October 16, 2018

Colorado Court of Appeals: Restrictive Covenant Is Not Compensable Property Interest in Eminent Domain Case

The Colorado Court of Appeals issued its opinion in Town of Monument v. State of Colorado on Thursday, October 4, 2018.

Real Property—Eminent Domain—Restrictive Covenant—Compensable Property Interest.

The Town of Monument (the Town) bought a parcel of real property in a residential subdivision. The Town intended to construct a municipal water storage tank on the lot, but a restrictive covenant prohibiting such structures applied to all lots in the subdivision. The Town filed this case, seeking to use its power of eminent domain to have the court declare its property free of the restrictive covenant. Some lot owners in the subdivision intervened in the case and argued that because the restrictive covenant benefits all property in the subdivision, the Town cannot eliminate the restrictive covenant on its lot without paying every property owner in the subdivision an amount compensating each of them for the loss in value to their respective properties. The district court agreed with the landowners, and the parties stipulated to a dismissal of the case with prejudice.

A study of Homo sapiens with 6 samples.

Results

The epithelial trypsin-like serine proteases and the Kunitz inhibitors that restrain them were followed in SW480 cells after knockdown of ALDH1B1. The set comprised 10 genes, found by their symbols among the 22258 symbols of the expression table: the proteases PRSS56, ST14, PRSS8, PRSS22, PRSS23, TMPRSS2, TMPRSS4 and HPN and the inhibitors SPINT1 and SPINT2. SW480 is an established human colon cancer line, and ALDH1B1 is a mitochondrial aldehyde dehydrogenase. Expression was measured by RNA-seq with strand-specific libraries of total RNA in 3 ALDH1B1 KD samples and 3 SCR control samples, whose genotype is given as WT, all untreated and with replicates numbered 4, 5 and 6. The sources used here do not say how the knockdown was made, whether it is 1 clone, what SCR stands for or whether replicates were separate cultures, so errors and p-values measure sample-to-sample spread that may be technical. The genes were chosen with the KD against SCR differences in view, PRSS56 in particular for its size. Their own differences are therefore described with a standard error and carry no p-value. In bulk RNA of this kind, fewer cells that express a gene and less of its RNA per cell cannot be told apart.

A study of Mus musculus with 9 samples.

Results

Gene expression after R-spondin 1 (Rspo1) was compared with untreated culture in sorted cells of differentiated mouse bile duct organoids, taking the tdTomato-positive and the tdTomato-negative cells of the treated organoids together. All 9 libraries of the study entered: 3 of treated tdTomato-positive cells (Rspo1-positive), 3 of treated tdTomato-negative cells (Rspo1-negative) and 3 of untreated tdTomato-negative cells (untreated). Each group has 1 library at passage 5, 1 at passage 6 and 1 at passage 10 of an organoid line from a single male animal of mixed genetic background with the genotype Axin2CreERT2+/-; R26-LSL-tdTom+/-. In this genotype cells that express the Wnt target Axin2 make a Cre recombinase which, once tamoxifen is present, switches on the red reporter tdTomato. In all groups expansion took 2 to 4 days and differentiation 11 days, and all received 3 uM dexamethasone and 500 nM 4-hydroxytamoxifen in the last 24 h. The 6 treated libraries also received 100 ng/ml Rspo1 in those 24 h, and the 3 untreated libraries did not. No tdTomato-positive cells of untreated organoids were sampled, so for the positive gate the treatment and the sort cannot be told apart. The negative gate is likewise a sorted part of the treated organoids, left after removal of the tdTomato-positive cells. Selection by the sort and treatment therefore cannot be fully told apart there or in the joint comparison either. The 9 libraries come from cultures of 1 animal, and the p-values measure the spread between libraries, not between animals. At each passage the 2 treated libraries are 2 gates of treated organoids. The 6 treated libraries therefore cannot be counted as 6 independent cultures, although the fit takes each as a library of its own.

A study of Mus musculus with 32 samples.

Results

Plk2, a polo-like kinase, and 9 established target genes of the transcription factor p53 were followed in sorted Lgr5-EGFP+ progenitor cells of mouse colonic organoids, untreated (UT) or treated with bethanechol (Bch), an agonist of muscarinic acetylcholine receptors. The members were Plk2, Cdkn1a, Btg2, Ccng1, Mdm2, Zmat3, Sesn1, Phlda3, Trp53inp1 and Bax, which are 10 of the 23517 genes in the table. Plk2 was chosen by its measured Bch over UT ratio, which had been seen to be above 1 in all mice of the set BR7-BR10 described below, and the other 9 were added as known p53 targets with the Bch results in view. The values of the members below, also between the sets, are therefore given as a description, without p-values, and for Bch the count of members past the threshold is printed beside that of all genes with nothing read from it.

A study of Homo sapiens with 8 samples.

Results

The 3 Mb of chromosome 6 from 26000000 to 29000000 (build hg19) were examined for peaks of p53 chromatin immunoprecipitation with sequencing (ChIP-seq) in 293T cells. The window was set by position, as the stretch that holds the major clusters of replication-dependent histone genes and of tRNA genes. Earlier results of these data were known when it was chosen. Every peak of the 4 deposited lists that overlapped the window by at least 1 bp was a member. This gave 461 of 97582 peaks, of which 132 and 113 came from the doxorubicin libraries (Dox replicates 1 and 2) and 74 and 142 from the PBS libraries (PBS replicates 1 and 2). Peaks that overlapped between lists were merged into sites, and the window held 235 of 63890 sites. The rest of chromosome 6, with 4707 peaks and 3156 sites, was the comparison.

On appeal, the Town argued that the district court erred in finding that the restrictive covenant was a compensable property interest to the surrounding landowners. The court of appeals determined that under Smith v. Clifton Sanitation District, 300 P.2d 548 (Colo. 1956), a restrictive covenant banning certain uses of property is not a compensable property interest in an eminent domain case.

The judgment was reversed and the case was remanded.

Summary provided courtesy of Colorado Lawyer.